Guess profit dips in Q4; to focus on international, G by Guess in 2012
Los Angeles — Guess reported Wednesday that net earnings dipped 7.2% to $95.9 million for the quarter ended Jan. 28, compared with $103.3 million a year earlier.
Revenue for the quarter edged up 2.5% to $775.8 million, from $756.9 million. Same-store sales dropped 5% in the quarter.
The retailer’s greatest strength came from the performance of its Asian segment, which saw revenue surge 27.5% to $70.6 million in the fourth quarter.
“These results mark the end of a year in which we made significant progress on important initiatives that support our long-term objectives,” said Paul Marciano, CEO.
The brand opened 261 new stores globally during the year, and reached the $1 billion revenue mark in Europe for the first time. According to Marciano, Guess will continue to develop newer international markets in the year ahead and expand the G by Guess concept both internationally and domestically.
Eco label proliferation spawns certification imperative
Nothing is ever as easy as it seems in the retail industry. Take Target’s decision to not sell denim jeans that have been distressed using the sand blasting method. That means the company or its suppliers now have to amend or implement some type of reporting infrastructure and audit protocol to ensure any distressed jeans Target sells achieved their weathered look through appropriate means. For an insightful look at the issues of eco-labels and the certification process that underpins the validity of such claims, check out this column from Deloitte Consulting executive Chris Park. Click here.
First Francis, now fashion director Robinson bolts for JCP
The outside world doesn’t have a lot of visibility into the bench strength of Target’s leadership team beyond the top tier of executives so it’s hard to know whether the company has the talent it needs to fill the void created by high profile defections to rival JCPenney.
Of course, the same thing used to be said about Walmart back when the company’s first generation of leadership retired or pursued new opportunities following Sam Walton’s death 20 years ago next month. However, Walmart is bigger than the sum of its parts and easily withstood the departure of seemingly indispensible executives who were subsequently replaced with even more talented leaders. The same is likely to be true in the case of Target, but in the short run the loss of leadership has the appearance of being disruptive. The most recent example involves the departure of director of fashion and design partnerships, Brian Robinson, who left to become VP marketing and design partnerships at JCPenney.
“As we fundamentally re-imagine every aspect of our business, we’re tapping into the best internal and external talent in the industry, said JCPenney president Michael Francis, who prior to joining JCPenney last fall served as EVP marketing for Target. “We’re focused on building a world-class organization that will be instrumental in delivering a revolutionary shopping experience that is unlike anything that exists in retail today. We will continue to look both internally and externally as we build an organization to accomplish this goal.”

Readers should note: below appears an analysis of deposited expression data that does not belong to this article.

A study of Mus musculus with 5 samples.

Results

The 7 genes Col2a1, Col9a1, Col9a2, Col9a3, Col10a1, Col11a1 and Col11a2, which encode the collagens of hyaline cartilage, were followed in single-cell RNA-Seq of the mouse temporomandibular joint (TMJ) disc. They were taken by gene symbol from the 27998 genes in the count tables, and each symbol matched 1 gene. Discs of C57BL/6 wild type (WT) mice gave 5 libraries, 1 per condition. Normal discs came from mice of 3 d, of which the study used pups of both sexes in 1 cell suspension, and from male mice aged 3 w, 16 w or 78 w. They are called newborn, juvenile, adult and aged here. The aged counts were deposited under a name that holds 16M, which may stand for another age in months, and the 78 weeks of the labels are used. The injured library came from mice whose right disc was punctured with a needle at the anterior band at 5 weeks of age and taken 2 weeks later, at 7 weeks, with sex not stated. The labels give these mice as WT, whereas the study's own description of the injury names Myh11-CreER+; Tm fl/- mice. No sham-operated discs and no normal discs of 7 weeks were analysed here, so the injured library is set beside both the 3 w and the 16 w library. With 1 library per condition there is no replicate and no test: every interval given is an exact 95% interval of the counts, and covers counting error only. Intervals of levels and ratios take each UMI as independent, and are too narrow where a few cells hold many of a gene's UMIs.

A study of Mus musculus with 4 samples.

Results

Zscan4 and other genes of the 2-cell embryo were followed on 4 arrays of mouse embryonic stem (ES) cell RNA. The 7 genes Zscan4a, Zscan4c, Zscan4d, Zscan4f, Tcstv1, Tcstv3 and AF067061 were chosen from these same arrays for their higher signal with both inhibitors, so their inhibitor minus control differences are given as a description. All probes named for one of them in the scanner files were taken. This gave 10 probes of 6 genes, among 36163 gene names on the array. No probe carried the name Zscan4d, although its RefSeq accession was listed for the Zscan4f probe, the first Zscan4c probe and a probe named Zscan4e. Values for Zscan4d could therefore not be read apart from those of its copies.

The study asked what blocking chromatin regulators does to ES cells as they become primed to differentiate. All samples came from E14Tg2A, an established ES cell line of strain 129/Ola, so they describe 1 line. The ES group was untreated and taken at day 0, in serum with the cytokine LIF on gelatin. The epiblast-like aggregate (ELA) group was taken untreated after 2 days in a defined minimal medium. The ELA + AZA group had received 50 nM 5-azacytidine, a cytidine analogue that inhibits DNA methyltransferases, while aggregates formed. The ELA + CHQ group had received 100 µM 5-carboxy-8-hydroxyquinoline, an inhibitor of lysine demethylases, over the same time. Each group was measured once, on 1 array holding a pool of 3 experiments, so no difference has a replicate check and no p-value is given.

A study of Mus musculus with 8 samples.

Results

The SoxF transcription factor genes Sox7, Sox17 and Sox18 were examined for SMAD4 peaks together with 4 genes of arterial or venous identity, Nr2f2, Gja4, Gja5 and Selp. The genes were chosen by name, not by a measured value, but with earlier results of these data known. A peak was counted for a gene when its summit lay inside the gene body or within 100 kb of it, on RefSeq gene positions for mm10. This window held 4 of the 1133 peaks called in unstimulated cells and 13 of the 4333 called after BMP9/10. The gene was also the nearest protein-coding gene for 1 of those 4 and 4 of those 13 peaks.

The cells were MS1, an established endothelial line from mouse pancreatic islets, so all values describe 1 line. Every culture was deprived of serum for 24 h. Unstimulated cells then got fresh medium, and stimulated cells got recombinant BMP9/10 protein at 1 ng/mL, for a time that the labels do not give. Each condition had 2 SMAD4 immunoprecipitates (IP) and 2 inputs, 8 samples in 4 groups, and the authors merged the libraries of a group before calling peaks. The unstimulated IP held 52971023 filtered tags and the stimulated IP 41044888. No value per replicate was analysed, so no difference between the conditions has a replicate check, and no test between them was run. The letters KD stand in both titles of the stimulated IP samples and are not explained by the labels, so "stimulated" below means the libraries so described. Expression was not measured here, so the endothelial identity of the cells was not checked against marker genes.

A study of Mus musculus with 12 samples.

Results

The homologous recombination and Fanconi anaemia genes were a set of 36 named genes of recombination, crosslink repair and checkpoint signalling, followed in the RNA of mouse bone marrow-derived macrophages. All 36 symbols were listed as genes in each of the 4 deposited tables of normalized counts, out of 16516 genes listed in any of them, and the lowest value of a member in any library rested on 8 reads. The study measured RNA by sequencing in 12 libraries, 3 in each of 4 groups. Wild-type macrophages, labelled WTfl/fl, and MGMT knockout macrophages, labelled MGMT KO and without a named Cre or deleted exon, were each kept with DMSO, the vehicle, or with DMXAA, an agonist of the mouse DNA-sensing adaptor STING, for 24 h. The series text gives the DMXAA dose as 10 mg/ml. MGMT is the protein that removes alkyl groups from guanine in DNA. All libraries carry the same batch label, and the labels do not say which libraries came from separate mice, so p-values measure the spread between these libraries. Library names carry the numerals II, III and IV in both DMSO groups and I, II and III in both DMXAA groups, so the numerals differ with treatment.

The position Francis vacated at Target has yet to be filled.
Meanwhile, it seems JCPenney can’t promote, hire and restructure fast enough as it looks to transform its business with a grand plan envisioned by CEO Ron Johnson to become America’s favorite store.
In the latest round of personnel moves, Liz Sweney, who has been with JCPenney since 2000, was tapped to lead the company’s merchandise strategy as chief merchant and will oversee the reinvention of JCPenney’s apparel and home portfolio. Prior to this role, Sweney served as EVP and senior general merchandise manager of JCPenney’s women’s apparel, accessories, footwear, jewelry and juniors divisions as well Sephora.
Following her promotion, Sweney promoted Siiri Dougherty to SVP/GMM of women’s apparel and named Liz Asay SVP of Sephora inside JCPenney.
Katheryn Burchett was named SVP merchandising and marketing integration. Anne Cashill was appointed SVP strategic brands after previously serving as VP merchandising at Coach Inc to develop and strengthen JCPenney’s exclusive and national merchandise partnerships such as Liz Claiborne, Martha Stewart and l’amour Nanette Lepore.
Bill Gentner was also named SVP strategic brands, responsible for private brands such as The Original Arizona Jean Company and Xersion.
Steve Seabolt was named SVP strategic brand alliances to oversee the identification and development of non-apparel partnerships. Seabolt joins JCPenney from Electronic Arts, where he served as VP global brand partnerships.
Helping to lead JCPenney’s brand makeover will be Eric Hunter as SVP marketing. He will be responsible for the company’s marketing strategy, media buying, customer insights and loyalty programs. Hunter joins JCpenney from the Kellwood Co., where he most recently held the position of chief marketing officer and group president.
JCPenney veteran Greg Clark has been promoted to SVP creative. In his role, Clark, who previously served as VP creative, is responsible for bringing the JCPenney brand to life through the company’s advertising efforts. Prior to joining JCPenney, Clark held executive creative positions at retailers including Toys"R"Us, Lane Bryant and Marshall Fields.
Overseeing JCPenney’s new store experience will be Mike Fisher as SVP visual presentation. He will be responsible for the company’s new store experience, including features the company refers to as the Street, the Shop and a new center of store concept that has yet to be unveiled called the Square.